You’d have to be living under a rock to not be aware of all the political feuds between the United States, Russia, and China, lately. But last week, the nerdy world of telecommunications networking got pulled into the drama in a big way.
ZTE took a few days to respond to the U.S. Department of Commerce’s ban on American companies selling components to ZTE. But on Friday, ZTE issued an official statement saying the ban was “unfair,” and it indicated it would “take judicial measures” if necessary.
It’s not clear what kinds of legal remedies the company could pursue. But ZTE did outline a slew of measures it claims to have taken in order to comply with export laws. “In 2017 alone, ZTE invested over $50 million in its export control compliance program,” according to the company’s statement.
Earlier last week ZTE cancelled its quarterly earnings report due to the confusion the company has been thrown into after the sudden U.S. ban. Trading of its shares has been suspended in China.
In its April 20 statement, the company added, “The denial order will not only severely impact the survival and development of ZTE but will also cause damages to all partners of ZTE including a large number of U.S. companies.”
Those companies that do business with ZTE, whether as suppliers, competitors, or customers, are undoubtedly asking themselves the question: “What does this mean to me?” Immediately, there appear to be some winners and some losers. But, similar to the clash between China and the U.S. over tariffs, there will probably also be some as-yet-unknown consequences.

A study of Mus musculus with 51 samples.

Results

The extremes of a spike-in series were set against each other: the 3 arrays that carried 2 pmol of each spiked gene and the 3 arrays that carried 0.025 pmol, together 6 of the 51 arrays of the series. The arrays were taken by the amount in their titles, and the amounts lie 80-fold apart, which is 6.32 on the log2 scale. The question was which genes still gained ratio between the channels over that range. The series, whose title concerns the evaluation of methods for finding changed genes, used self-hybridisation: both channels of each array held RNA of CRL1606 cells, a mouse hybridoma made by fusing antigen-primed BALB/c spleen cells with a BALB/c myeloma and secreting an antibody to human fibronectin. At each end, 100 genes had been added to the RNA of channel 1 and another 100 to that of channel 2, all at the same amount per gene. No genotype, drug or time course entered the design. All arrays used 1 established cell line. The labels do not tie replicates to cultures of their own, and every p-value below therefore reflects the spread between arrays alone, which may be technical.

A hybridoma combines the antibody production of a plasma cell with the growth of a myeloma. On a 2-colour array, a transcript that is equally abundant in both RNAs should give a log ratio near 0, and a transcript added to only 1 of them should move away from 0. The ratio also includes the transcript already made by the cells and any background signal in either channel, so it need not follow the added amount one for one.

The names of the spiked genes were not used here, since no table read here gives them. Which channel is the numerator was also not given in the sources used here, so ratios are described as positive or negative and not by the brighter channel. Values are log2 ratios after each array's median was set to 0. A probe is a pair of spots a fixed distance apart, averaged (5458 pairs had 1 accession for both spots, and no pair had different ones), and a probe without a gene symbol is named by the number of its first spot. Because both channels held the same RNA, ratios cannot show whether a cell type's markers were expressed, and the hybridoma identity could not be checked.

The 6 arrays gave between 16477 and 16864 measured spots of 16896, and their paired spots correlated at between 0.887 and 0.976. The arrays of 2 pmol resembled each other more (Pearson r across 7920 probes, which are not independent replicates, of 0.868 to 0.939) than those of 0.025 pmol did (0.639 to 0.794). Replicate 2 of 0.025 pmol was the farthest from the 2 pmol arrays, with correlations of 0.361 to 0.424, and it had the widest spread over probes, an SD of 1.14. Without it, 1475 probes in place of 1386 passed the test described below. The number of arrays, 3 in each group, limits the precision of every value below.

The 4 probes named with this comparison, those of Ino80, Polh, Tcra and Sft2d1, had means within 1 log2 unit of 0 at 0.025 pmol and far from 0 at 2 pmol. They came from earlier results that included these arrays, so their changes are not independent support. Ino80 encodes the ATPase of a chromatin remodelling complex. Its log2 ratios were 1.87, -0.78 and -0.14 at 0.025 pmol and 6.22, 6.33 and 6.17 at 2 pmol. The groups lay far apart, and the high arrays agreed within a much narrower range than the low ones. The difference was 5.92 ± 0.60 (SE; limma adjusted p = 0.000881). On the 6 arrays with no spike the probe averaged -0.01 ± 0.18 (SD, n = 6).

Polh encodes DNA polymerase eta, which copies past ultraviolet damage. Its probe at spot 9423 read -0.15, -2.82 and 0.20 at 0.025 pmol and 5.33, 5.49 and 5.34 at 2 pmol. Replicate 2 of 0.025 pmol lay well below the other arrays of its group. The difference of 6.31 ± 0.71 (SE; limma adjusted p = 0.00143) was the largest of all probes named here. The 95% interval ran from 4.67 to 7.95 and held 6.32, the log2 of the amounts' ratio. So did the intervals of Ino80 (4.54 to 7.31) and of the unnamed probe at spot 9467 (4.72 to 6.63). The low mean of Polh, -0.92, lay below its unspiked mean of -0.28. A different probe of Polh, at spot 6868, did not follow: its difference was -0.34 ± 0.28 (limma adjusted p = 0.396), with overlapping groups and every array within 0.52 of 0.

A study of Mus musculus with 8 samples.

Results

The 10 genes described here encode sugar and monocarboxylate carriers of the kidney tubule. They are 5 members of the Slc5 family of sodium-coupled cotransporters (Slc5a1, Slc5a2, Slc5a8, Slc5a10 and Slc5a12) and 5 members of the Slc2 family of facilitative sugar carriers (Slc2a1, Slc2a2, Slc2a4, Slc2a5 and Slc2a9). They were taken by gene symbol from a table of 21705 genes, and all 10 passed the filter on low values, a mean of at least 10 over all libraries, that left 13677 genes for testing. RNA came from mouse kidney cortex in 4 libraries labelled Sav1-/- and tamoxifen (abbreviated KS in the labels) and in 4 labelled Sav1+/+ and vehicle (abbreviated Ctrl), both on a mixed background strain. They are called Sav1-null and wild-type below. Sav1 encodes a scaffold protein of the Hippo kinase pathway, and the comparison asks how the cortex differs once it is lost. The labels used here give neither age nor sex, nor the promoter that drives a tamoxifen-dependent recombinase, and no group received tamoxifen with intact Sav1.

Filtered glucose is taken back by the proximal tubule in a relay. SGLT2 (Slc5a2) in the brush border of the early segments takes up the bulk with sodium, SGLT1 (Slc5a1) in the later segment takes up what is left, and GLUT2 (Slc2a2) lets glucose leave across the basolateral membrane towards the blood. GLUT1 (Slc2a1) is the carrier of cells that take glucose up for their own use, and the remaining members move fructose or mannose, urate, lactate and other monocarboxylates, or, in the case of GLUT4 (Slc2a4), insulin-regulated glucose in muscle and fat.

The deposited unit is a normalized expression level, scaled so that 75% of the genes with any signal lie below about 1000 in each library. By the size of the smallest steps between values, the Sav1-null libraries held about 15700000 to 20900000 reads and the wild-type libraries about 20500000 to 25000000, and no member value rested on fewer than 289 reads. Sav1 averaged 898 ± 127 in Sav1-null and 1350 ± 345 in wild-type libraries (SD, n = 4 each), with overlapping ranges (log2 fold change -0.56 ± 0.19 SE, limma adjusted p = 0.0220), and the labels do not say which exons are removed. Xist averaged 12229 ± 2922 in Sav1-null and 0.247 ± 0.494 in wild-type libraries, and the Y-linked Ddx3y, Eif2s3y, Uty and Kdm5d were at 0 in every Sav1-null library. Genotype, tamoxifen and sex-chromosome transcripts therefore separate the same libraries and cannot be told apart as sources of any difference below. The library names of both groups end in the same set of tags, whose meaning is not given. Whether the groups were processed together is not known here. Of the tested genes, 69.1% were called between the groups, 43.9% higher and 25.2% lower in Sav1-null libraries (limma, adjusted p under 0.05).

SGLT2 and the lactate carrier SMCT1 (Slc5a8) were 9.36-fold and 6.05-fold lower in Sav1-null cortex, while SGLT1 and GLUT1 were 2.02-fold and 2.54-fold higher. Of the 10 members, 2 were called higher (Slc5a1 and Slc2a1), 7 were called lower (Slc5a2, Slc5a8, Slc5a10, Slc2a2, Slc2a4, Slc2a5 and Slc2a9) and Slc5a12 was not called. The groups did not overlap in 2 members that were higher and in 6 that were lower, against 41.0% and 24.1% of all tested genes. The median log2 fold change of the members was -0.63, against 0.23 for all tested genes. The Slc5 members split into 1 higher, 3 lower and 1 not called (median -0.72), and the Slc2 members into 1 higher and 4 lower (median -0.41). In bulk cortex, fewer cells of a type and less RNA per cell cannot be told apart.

The other big Chinese telecom equipment maker, Huawei, was also in the news. The New York Times reported that it laid off five American employees. The only named employee was William Plummer, who had for seven years led Huawei’s outreach efforts in Washington, D.C. The newspaper took his departure as a signal that Huawei may be changing its tactics in terms of building its U.S. business. The company has been under fire from members of congress as well as the Federal Communications Commission. These groups claim Huawei’s equipment poses a security risk.
And on Friday, Australia said it would build an undersea internet cable to the Solomon Islands, in a move to block Huawei from building it, according to the Wall Street Journal.
Earlier last week a U.S. agency issued an alert warning American and British organizations that Russian state-sponsored actors are targeting their network infrastructure devices, such as routers. The alert was a joint effort between the Department of Homeland Security (DHS), the Federal Bureau of Investigation (FBI), and the United Kingdom’s National Cyber Security Centre (NCSC).
Finally, on Friday afternoon, Twitter confirmed that it has banned ads on its platform from Moscow-based Kaspersky Lab. Twitter cited U.S. government claims that Kaspersky has ties to Russian intelligence agencies.
The ban was revealed after Eugene Kaspersky, the founder of the anti-malware company, posted an open letter to the management of Twitter. He said that he understood Twitter was dealing with the spread of disinformation and the creation of social discord. “I thought my company stood on the periphery of this social media storm,” wrote Kaspersky. “It turns out I was quite mistaken.”
All of this news happened during the same week that technologists gathered in San Francisco for the annual RSA security conference and called for a digital “Geneva Convention.” Microsoft, Facebook, and 32 other companies signed a Cybersecurity Tech Accord. It’s a global agreement in which these companies pledge to protect their customers from attacks by cybercriminals and nation states and vowed not to help governments launch cyberattacks.